Family Helper editor
(Oct. 25, 2002) Research on Romanian adoptees continues on the west coast. Simon Fraser University in British Columbia has been tracking the development of B.C. children adopted from Romanian orphanages in the early 90s.

In 1997 Dr. Elinor Ames retired and Dr. Lucy Le Mare, also from SFU, took over as head of the Romanian Adoption Project. Dr. Le Mare plans to start the next phase two years from now. She seeks to widen the research to include families from across Canada, as well as B.C. families not involved in earlier phases. If you've adopted a Romanian child and would like to take part, contact Lynda Fernyhough at the research office, 604-291-5687, Reach Dr. Le Mare at 604-291-3272,

How the Romanian orphans fared

Nearly 150 Romanian children were adopted by B.C. families in 1990 and 1991. The Romanian Adoption Project began in 1991 after Dr. Elinor Ames of Simon Fraser University went to Romania with a group of prospective parents and saw the living conditions of "orphanage" children first hand. Many had started life in severely deprived conditions. Dr. Ames wanted to find out if subsequent good rearing could overcome the effects of early deprivation.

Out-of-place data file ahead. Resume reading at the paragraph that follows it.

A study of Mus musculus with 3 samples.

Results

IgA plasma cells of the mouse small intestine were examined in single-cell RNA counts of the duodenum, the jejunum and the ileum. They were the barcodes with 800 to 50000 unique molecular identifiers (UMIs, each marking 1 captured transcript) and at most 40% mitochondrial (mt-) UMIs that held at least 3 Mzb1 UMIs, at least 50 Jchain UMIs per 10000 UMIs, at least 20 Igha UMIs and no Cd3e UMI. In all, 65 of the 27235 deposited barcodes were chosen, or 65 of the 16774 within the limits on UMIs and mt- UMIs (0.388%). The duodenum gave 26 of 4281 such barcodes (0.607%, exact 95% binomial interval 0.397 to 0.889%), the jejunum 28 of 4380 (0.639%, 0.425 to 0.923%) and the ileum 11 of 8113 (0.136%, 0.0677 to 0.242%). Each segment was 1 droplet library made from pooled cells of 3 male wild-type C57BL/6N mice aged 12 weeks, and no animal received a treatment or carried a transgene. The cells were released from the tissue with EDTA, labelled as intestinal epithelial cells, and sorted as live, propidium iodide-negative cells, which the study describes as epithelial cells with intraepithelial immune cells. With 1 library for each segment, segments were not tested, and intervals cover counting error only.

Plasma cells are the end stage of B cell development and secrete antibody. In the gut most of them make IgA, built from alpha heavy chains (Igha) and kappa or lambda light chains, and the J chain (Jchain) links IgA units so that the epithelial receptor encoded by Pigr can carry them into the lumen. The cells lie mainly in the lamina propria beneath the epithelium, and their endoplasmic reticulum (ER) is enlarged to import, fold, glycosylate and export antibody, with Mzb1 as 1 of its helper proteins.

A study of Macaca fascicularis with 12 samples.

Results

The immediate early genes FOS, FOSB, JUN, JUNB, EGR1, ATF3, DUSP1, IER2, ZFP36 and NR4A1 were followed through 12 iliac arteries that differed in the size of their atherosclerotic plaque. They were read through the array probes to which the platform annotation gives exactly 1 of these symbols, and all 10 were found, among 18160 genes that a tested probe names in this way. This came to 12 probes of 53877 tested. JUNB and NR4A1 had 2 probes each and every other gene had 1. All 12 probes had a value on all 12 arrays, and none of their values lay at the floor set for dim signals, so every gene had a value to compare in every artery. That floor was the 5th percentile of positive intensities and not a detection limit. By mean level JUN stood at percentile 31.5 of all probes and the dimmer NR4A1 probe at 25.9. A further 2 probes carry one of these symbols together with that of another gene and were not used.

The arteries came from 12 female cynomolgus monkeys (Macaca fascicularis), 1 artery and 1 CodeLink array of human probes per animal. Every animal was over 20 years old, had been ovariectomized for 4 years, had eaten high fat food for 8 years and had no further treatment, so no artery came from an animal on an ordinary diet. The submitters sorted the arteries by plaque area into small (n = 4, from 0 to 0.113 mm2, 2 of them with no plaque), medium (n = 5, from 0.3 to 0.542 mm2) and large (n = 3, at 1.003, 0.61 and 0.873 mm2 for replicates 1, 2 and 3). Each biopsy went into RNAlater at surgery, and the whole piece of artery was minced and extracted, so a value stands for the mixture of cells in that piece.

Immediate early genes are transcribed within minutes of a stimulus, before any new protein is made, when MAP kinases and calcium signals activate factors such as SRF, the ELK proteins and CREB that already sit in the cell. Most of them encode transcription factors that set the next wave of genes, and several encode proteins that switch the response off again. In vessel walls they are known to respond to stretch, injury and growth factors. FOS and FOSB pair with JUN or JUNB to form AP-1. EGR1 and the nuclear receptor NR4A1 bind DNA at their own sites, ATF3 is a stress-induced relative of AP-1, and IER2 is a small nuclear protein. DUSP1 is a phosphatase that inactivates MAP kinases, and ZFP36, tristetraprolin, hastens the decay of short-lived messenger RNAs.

In ten years of following the Romanian orphans researchers have seen them three times. Dr. Ames and her team assessed the children twice. When Dr. Ames retired in 1997 Dr. Lucy Le Mare, also from SFU, took over and with her team saw the children a third time when they were 10 and half years old. Compared to a group of Canadian-born non-adopted children and to a second group of Romanian children adopted early in infancy from either birth homes or maternity hospitals, the children from orphanages showed significantly more difficulties and delays in development.

There were variations within the group of orphans--about a third performed at average or above average levels, another third displayed difficulties in a few areas, and a final third demonstrated significant problems in multiple areas. Their difficulties may continue well into middle childhood.

Despite the challenges facing the children, almost all families in the study found the experience of adopting post-institutionalized children to be deeply rewarding. They said they would do it again if they knew then what they know now, and all the children report feeling supported by their families.